Contributing more to super

Although your employer's compulsory superannuation guarantee (SG) contributions are set to rise to 12 per cent by 2025/26, these contributions alone are unlikely to afford you a comfortable standard of living in retirement and you may want to consider contributing more to your super.

As long as you are under the age of 75, you can contribute to super as long as you meet certain criteria. If you want to claim a tax deduction for a personal contribution and you are between 67 and 74, you may be able to if you are still working.

For more information on contributing to super watch our Making contributions video.

How a financial planner can help

Benefits of contributing extra to super

There are a number of ways you can benefit from contributing extra money to your super:

Salary sacrifice (concessional contributions)

A salary sacrifice strategy allows you to contribute some of your pre-tax salary to your super. The benefits of this are:

  • your taxable income reduces by the amount you contribute to super, so you could end up paying less in income tax
  • super contributions are taxed concessionally, at up to just 15 per cent, compared to your marginal rate which could be as high as 47* per cent, so you end up paying less in tax twice.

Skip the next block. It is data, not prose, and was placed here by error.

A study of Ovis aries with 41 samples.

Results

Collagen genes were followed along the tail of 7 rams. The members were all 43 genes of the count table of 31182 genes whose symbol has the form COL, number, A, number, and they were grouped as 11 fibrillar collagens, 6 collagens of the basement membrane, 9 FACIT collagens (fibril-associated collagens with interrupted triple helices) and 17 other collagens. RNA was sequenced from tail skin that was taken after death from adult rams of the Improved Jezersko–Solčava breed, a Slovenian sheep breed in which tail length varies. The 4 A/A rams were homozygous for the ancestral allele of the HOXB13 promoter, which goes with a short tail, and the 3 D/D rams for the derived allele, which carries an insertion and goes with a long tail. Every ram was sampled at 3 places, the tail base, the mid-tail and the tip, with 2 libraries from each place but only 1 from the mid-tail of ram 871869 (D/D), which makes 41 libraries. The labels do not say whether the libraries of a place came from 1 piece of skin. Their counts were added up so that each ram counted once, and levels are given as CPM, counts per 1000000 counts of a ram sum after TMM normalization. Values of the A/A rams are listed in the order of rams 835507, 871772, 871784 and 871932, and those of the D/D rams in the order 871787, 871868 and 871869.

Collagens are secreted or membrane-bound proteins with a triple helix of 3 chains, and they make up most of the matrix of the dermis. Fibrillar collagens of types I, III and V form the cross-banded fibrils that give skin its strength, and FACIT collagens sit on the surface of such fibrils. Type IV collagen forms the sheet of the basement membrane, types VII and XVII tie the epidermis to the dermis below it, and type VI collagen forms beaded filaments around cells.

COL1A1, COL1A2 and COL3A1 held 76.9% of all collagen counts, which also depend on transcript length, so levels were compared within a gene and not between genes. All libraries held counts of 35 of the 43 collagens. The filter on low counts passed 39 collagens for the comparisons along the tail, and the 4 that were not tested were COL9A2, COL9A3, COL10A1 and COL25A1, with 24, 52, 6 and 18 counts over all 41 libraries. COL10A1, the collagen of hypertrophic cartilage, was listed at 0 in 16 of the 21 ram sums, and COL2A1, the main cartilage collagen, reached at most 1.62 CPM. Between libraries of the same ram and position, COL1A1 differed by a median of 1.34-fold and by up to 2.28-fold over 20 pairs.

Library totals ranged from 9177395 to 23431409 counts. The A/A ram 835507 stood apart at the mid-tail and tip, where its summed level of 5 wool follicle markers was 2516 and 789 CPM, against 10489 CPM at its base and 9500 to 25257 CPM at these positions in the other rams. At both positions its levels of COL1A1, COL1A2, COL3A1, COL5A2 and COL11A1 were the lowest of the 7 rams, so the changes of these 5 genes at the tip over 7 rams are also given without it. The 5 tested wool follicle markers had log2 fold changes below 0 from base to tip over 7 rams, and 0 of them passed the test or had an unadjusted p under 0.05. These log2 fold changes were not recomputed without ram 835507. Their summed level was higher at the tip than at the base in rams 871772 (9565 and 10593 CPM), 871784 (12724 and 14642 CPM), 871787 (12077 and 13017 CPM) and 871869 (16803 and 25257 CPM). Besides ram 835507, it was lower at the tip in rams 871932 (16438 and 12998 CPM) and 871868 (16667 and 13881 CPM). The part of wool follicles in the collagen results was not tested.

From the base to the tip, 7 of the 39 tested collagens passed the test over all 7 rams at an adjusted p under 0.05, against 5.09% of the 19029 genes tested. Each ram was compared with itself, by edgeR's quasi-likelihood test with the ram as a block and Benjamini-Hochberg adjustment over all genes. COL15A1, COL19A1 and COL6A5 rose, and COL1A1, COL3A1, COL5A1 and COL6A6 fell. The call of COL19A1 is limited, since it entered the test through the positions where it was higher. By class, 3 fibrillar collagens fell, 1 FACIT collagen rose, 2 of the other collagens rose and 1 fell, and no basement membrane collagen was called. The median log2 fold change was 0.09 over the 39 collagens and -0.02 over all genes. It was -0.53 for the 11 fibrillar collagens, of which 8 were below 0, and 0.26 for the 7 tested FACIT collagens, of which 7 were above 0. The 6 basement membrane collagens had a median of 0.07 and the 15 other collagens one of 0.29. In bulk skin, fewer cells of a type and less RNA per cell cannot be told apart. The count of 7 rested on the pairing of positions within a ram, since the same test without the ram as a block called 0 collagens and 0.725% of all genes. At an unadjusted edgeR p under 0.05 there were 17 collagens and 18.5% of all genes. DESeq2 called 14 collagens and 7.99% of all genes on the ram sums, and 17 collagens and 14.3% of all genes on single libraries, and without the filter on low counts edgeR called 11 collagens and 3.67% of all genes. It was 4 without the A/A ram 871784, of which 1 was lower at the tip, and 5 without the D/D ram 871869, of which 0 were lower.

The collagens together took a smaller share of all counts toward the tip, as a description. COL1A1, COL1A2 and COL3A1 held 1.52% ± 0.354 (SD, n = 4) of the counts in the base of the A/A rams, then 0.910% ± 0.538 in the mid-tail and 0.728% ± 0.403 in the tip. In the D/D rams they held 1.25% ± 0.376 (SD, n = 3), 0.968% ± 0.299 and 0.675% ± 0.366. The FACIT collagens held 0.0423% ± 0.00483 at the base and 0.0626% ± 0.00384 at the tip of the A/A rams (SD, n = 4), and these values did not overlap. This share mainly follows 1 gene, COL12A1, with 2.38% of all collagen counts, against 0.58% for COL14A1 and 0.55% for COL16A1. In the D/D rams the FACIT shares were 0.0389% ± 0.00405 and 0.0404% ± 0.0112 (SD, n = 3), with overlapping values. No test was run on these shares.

Try our Salary sacrifice calculator which shows how salary sacrificing could help you boost your super or watch our Salary sacrifice explained video.

*Including the Medicare levy 

Personal contributions (non-concessional contributions)

You can also make additional personal contributions from your after-tax money. These are not subject to contributions tax upon entry into your super fund (since they have already been taxed through your income tax).

Super co-contribution

The super co-contribution is a helping hand from the Government. If you are eligible, and make a personal contribution, for every dollar you contribute (up to certain limits) the Government will make a super co-contribution on your behalf.

Spouse contributions

If you have a low-income-earning or non-working spouse you can make a super contribution on their behalf and, under certain circumstances, qualify for a tax offset.

Splitting super contributions

Certain superannuation contributions can be split with your spouse, either within the same fund or to a different fund, providing your super fund permits it.

For more information on splitting super, read our Splitting superannuation contributions guide.

Contribution limits

As a result of the generous tax concessions, the amount of concessional and non-concessional contributions you can make to super each year is limited.

Make the most of the limits that apply to you. For more information about how contributing more to super may benefit you, ask your Bridges financial planner or make an appointment today.